3 Essentials You Probably Aren’t Making Time For — and How to Fit Them In

Jun 2, 2023

3 Essentials You Probably Aren’t Making Time For — and How to Fit Them In

by | Jun 2, 2023

Your schedule is always full, but I’d be willing to bet these things aren’t on there:

  • time for Your Highest Contribution
  • white space
  • downtime

We need time for all of these things to make the impact we want to have, to come up with the next big idea, to recharge, and to feel fulfilled. 

3 Essentials to Fit in Your Schedule

I always say the first step out of overwhelm is getting more overwhelmed. Let’s start by looking at these three things and why they need a space in your schedule … then we’ll figure out how to fit them in. 

Time for Your Highest Contribution

My clients spend the majority of their days responding to others. They are busy all day, but when they get to the end of a day, they don’t feel like they have done the important things, the things that will move their business forward. Sound familiar? 

The solution? You need to set aside dedicated time on your calendar for your Highest Contribution. This is the time you do the thing only you can do. You write the content, you create the art, you develop the program. Maybe your Highest Contribution in your business right now is talking about your business, or maybe your Highest Contribution is being interviewed on podcasts or talking with potential investors. 

I can assure you that your Highest Contribution is not approving a website font or processing a customer refund. Not that those things don’t need to get done (and maybe you are the person to do them), but they can’t happen at the expense of time spent in your Highest Contribution. You need dedicated time on your calendar for your Highest Contribution — and you have to protect that time.

White Space

What do Einstein, Bill Gates, and Sheryl Sandburg have in common? They all intentionally put white space time on their calendars. And we should learn from them. 

Carving out periods of unstructured time for reflection, planning, and thinking can help boost productivity, creativity, and well-being. White space is for higher-level work, like brainstorming new ideas, solving problems, and visioning the future of your company and your life. 

Don’t use your white space to “finish” things that didn’t get done or to put out fires. White space may feel dispensable, but you need it. It’s amazing what happens when you give yourself this time. 


A client recently told me she is so busy managing her team that she saves her important work for evenings and weekends when her team isn’t working. Now the beauty of being an entrepreneur is you can work whenever you want, but you can’t work all the time. You need downtime. 

You need time for rest, for hobbies, for self-care. You need downtime to stay healthy, happy, and out of burnout. 

3 Ways to Make Time for These Essentials 

“Yeah, I know I need these things … but I just don’t have time.” 

The time is not going to magically appear, but with a little effort you can make it happen. I’ve done it. My clients have done it. We do it regularly in Focus Planning. Here are a few things to try.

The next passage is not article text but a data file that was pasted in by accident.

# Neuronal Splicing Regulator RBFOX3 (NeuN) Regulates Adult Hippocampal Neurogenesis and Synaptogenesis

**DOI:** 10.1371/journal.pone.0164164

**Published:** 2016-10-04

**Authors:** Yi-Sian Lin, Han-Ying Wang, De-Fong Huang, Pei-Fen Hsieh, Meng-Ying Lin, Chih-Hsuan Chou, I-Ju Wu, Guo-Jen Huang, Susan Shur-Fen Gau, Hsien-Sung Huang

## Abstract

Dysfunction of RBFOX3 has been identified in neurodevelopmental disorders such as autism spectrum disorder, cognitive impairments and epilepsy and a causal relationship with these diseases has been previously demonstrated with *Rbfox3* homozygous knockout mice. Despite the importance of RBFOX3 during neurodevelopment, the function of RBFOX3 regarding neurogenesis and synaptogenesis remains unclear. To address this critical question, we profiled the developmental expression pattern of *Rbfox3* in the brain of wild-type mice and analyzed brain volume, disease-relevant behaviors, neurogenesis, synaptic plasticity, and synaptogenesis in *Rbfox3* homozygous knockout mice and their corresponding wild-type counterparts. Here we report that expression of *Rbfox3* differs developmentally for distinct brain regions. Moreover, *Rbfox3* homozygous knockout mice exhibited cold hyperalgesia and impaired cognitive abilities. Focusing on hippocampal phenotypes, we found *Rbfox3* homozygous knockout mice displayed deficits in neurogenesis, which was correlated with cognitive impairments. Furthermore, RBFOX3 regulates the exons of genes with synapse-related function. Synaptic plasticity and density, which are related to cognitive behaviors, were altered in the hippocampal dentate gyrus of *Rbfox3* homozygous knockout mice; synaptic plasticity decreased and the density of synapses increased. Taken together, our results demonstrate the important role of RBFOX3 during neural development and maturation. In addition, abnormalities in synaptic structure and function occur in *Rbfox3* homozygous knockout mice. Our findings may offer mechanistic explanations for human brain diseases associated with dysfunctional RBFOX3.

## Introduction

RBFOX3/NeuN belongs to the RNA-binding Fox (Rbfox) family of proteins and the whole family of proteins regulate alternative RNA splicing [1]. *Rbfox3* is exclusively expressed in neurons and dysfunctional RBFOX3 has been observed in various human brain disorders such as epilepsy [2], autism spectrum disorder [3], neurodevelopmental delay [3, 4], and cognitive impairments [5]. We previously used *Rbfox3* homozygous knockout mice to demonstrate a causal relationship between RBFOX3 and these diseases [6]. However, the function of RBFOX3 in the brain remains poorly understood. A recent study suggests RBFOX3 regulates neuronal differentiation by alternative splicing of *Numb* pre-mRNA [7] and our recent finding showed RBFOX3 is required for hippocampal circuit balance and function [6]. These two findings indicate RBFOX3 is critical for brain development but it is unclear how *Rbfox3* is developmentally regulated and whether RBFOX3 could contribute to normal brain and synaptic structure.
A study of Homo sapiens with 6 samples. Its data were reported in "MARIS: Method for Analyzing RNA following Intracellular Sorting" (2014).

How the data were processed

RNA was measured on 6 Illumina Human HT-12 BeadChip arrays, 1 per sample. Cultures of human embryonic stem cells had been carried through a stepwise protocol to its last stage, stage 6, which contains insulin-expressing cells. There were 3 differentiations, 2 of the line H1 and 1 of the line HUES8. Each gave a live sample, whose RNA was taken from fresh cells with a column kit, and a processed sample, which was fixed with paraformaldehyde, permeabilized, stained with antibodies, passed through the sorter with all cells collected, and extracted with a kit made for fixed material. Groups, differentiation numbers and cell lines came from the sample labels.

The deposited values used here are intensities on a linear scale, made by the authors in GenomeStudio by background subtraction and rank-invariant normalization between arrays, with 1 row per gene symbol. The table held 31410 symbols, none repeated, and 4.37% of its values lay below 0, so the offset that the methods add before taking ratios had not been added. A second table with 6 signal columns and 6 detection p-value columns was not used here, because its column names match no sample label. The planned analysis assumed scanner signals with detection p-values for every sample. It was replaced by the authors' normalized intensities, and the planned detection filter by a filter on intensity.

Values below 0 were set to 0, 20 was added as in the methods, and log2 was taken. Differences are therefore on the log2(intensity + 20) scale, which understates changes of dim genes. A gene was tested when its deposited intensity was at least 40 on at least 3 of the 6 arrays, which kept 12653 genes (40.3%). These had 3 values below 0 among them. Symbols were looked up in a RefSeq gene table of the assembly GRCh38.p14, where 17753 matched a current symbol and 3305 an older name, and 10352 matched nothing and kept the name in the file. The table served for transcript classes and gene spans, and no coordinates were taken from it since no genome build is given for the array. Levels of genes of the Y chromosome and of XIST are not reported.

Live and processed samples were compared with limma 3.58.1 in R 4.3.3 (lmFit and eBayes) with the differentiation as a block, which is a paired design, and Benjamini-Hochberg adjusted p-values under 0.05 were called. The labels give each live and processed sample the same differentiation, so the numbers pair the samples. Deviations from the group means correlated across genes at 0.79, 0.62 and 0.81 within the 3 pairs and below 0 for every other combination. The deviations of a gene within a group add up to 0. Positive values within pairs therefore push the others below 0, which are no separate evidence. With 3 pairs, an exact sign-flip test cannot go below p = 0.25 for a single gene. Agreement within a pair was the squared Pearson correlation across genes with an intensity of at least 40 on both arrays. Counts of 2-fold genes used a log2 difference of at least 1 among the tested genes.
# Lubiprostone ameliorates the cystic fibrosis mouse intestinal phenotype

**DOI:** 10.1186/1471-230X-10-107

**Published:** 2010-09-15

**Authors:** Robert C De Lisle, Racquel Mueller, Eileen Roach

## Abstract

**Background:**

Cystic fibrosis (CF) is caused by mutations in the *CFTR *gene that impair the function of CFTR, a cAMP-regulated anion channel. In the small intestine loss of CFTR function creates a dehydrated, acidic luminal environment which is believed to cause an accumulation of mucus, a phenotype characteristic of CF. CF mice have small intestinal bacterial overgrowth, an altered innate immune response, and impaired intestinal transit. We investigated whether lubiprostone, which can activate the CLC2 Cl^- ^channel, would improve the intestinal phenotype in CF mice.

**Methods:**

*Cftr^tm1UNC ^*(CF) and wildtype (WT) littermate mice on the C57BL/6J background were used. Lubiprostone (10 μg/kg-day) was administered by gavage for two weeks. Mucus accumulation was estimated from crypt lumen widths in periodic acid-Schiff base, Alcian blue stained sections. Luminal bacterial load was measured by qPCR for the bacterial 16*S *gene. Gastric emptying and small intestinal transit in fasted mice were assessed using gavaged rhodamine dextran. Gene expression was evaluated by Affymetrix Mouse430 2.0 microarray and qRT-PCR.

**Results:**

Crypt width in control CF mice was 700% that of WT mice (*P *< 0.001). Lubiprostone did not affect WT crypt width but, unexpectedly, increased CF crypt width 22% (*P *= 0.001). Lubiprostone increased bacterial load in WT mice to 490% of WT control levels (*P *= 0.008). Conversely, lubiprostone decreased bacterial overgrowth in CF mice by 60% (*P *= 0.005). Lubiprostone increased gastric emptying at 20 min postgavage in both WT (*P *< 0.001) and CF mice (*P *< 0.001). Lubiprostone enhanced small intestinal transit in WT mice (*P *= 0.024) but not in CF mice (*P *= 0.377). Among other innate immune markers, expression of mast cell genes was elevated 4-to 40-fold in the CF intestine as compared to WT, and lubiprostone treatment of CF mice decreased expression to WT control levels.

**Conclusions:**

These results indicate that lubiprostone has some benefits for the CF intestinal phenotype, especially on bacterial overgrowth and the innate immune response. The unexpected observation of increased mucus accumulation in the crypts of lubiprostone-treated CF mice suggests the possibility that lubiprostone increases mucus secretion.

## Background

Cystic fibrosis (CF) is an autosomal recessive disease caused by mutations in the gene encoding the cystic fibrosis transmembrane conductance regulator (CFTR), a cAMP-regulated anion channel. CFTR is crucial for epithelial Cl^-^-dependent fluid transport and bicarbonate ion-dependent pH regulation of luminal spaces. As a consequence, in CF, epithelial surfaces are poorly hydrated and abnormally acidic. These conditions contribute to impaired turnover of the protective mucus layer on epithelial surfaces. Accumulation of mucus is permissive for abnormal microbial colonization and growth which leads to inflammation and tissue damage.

1. Look ahead a few weeks. 

Usually when we want to make a change, we want to make it now. If you look at your schedule for the next couple of weeks, it’s probably packed. Look ahead a little further. Notice where there are some gaps. See where you could shift some things with some notice. Start your new schedule a few weeks out. 

2. Block off your schedule.

Go into the calendar your team sees and schedule your Highest Contribution blocks and your white space. List yourself as not available (make sure that time comes off your scheduler for clients too.) Commit to that time. This is not the time for putting out fires or helping others. The more you get used to holding that space for yourself, the easier it is to hold for your essential work. You can do the same in your personal calendar for downtime. 

3. Build in buffer time. 

One of the things I see eat up downtime, white space and Highest Contribution time is “wrapping things up” or “catching up.” When we don’t leave enough time to do the things we plan to do, we try to cram them into any available space — usually to our own detriment. Build buffer time into each task or each time. Use this time, not your downtime, white space, or Highest Contribution time, to deal with things that come up unexpectedly or that take longer than you thought. 

When you prioritize your Highest Contribution and include white space and downtime in your calendar, you are rejecting Hustle Culture, which tells you that you don’t have enough time, or that productivity has to come at the cost of your mental health. When you get realistic about your time, you will start to see that you have exactly the time that you need. 

Learn more about creating a schedule that moves you toward the impact you want to make without burning out in Focused: Reclaim Your Time, Ditch Overwhelm, and Do Less Better.